Reimposed U.S. sanctions on Iran are making it more difficult and expensive for average Iranians to travel abroad, and an increase in Iranian asylum claims in Europe could see further restrictions imposed.
The Serbian government announced earlier this month it would re-establish visa requirements for Iranian nationals in an about-face from their decision last year to drop the visa requirement in order to boost tourism between Tehran and Belgrade.
According to Serbian Interior Minister Nebojsa Stefanovic, the Iranian visitors to Serbia have “misused” visa-free travel as a way to seek asylum in Europe.
Currently in negotiations for future membership in the European Union, Serbia often serves as a gateway to the European Union for refugees, asylum seekers, and migrants. As a result, up to 1,100 Iranians have sought asylum in Serbia this year so far.
Following the 2016 repeal of many of the economic sanctions against Iran as part of the nuclear deal, Western companies began preparing a variety of investments in Iran, including an increase in international flights to and from Iran. Etihad Airline, for example, increased the number of flights between their hub Abu Dhabi and Tehran from three times a week to daily.
The expansion of air travel increased the influx of international tourists to Iran while also making it more affordable for Iranians to travel abroad more frequently.
In 2017, Iran recorded 9.2 million departures, a 38.5 percent increase from 2016. Similarly, while some European destinations are still either too expensive or inaccessible due to strict visa measures, Turkey became a hotspot for Iranian tourism, with the eastern Anatolian city of Van, about an hour from the Iranian border, recording over 388 thousand visitors in 2017.
However, the newly reimposed U.S. sanctions have already taken their toll on the Iranian tourism sector. Compared to last year, the number of Iranians traveling to other countries in the past 6 months has fallen by 13 percent. Many Western airlines have also announced the termination of their services to Iran, namely British Airways, who have ended their London to Tehran service, citing a lack of commercial viability.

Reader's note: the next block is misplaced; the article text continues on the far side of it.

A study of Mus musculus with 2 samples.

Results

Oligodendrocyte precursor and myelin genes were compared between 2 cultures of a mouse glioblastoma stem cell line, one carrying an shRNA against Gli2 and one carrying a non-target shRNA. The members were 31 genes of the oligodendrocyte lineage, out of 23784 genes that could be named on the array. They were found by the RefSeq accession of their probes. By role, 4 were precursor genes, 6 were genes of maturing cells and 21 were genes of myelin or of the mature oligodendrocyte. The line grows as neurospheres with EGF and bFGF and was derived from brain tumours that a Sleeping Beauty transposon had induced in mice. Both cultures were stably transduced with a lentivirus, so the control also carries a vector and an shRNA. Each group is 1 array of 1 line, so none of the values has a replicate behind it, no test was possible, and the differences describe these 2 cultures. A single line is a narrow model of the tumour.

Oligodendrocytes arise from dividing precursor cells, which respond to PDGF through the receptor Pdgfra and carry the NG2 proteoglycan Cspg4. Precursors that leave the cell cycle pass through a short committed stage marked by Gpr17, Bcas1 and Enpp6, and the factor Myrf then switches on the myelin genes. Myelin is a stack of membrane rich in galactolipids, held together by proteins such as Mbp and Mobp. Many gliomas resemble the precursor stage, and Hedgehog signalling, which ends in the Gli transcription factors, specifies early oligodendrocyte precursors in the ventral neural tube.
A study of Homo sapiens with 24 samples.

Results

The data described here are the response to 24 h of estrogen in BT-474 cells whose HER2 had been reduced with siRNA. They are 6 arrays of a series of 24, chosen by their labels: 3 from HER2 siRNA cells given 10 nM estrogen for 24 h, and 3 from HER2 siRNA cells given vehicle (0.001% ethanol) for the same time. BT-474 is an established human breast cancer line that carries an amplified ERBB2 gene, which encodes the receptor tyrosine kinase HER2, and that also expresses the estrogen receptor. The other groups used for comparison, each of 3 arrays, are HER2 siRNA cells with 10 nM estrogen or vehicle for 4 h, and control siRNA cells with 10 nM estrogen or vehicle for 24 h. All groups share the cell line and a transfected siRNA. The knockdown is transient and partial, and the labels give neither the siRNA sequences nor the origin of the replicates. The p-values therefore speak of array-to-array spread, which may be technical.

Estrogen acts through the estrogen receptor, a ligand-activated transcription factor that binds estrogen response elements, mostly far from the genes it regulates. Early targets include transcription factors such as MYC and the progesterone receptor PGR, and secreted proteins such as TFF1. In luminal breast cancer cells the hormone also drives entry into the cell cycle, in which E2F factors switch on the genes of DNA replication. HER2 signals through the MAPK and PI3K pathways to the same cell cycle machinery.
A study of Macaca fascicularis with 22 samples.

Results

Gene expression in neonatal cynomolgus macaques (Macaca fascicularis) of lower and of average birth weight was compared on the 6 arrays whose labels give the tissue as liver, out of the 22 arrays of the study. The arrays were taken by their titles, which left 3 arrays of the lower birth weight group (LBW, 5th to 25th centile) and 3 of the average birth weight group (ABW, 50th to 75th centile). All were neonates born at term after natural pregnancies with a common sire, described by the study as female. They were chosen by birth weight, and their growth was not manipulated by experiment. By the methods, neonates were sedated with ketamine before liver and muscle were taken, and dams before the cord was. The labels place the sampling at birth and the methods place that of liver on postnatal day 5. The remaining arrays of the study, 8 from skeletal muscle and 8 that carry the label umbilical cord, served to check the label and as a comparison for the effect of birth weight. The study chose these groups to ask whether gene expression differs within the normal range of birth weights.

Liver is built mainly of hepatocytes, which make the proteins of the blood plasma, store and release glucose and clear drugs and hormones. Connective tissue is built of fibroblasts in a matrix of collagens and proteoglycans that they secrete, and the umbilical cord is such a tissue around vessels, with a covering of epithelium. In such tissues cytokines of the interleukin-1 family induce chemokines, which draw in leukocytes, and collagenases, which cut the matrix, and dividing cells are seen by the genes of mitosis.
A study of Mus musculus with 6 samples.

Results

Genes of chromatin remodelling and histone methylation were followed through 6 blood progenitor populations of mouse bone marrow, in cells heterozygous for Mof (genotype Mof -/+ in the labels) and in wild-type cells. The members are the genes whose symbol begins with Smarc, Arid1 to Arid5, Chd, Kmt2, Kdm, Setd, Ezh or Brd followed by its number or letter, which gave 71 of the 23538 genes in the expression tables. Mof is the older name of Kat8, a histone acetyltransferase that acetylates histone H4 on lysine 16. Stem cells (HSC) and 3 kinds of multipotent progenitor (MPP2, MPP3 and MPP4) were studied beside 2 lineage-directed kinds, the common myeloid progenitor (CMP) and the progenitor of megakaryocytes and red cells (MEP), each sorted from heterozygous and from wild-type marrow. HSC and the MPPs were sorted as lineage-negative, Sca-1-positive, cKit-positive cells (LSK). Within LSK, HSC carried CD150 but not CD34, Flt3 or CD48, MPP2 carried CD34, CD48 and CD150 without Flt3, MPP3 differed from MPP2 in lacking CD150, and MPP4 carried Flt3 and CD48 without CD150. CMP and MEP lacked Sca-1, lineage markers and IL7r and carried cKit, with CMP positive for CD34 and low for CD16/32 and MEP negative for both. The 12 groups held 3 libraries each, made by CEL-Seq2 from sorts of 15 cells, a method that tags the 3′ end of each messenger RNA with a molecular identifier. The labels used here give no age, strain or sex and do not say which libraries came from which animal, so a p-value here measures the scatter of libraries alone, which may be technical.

Iran is in the midst of a economic crisis caused in part by U.S. sanctions, and the lack of international flights will make air travel even more unaffordable for average Iranian travelers. The increase of the departure tax paid by all Iranians flying abroad from 20 dollars to 60 dollars will also add to the difficulty.
The new obstacles to travel signal a return to the state of affairs for Iranians prior to the repeal of international sanctions, when international travel was a luxury reserved for the wealthy.
In the meantime, political, economic, and cultural issues hinder growth in incoming tourism to Iran. Tourists have very little to do in the evening after a day of sightseeing, as alcohol and mixed gatherings are prohibited. Security concerns also cause tourists to think twice before visiting Iran.